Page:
April 3, 2019

Youth Sports: If You Must

Is there any middle ground between the 9-year-old with a pitching coach and the kid who quits after the second game? Maybe. Even if your family has mortgaged all its weekends for travel lacrosse, here’s how to put the “play” back in playing sports.

Is there a middle ground in youth sports? Is there a place to exist between the nine-year-old icing his shoulder after a session with his pitching coach and the kid who bats last and hates every minute and never plays a team sport again?

There used to be (back in our day). There can be. But in a world where families spend 10% or more of their yearly household income on travel teams, equipment, coaches, and gear, that friendly, non-intense approach has become a lot harder to find.  

In this episode we discuss how to keep the “play” in playing sports how to push back against coaches and leagues that tell third-graders they have to specialize surviving early-spring double-headers at the baseball field  when to let kids quit (70% of kids quit a team sport by age 13 because it’s too intense)  why girls are more likely to quit than boysand when to follow your kid’s passion, even if it means turning all of your weekends over to lacrosseand the only thing you should ever ever say to your child after a game.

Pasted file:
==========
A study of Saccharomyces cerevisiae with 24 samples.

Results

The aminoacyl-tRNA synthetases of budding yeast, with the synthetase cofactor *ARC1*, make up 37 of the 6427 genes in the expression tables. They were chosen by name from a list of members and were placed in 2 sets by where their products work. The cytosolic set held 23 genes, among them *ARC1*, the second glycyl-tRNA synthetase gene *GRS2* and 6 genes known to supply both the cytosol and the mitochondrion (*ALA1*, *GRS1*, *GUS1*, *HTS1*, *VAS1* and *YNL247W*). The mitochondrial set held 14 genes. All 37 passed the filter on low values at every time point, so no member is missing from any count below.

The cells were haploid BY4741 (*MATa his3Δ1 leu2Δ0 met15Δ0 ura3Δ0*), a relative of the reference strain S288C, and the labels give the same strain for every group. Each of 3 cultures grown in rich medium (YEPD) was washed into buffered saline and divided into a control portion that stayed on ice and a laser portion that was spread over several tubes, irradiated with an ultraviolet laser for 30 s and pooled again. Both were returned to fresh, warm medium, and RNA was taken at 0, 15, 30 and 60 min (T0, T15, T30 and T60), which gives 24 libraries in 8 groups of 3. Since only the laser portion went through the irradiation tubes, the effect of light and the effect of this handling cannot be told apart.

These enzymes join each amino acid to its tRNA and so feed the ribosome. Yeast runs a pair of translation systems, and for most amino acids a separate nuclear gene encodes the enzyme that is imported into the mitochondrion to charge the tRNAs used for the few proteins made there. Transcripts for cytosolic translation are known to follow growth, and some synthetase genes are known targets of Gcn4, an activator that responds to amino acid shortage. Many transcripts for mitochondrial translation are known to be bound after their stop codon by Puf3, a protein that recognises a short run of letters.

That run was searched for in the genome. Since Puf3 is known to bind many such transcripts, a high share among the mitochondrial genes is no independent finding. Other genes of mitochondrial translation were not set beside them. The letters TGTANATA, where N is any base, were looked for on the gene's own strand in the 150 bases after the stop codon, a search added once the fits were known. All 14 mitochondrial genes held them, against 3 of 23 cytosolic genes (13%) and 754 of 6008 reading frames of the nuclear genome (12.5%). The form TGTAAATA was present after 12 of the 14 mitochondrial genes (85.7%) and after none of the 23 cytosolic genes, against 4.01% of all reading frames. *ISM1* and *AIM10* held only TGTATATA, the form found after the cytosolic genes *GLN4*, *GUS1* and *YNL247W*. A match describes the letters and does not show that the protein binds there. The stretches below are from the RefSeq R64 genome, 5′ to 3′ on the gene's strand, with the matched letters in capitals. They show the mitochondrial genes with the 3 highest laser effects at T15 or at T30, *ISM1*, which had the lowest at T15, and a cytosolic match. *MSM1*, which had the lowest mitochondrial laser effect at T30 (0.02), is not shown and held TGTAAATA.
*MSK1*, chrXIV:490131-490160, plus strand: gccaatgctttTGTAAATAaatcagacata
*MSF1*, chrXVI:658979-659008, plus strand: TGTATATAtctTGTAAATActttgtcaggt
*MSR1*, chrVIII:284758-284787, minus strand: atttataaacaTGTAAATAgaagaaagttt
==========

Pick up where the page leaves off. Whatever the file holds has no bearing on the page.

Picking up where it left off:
Here's links to research and studies discussed in this episode: 

Kingswood Camp: Our Philosophy On Sports Michael S. Rosenwald for Washington Post: Are parents ruining youth sports? Fewer kids play amid pressure.Bruce Kelly and Carl Carchia for ESPN Magazine: The Hidden Demographics of Youth SportsEmily Barone for Time: The Astronomical Cost of Kids’ SportsAspen Institute: 10 Charts that Show Progress, Challenges to Fix Youth SportsAspen Institute: STATE OF PLAY 2018: TRENDS AND DEVELOPMENTSCaitlin Morris for Aspen Institute: Changing the Game for Girls

Our main takeaway? Sports are one area where we parents need to take our eyes *off* the prize. Bring back the backyard wiffle ball game. Find places where kids of all levels can participate. And keep looking until your kid finds the sport she enjoys. It won’t always be easy, but it will probably be worth the effort.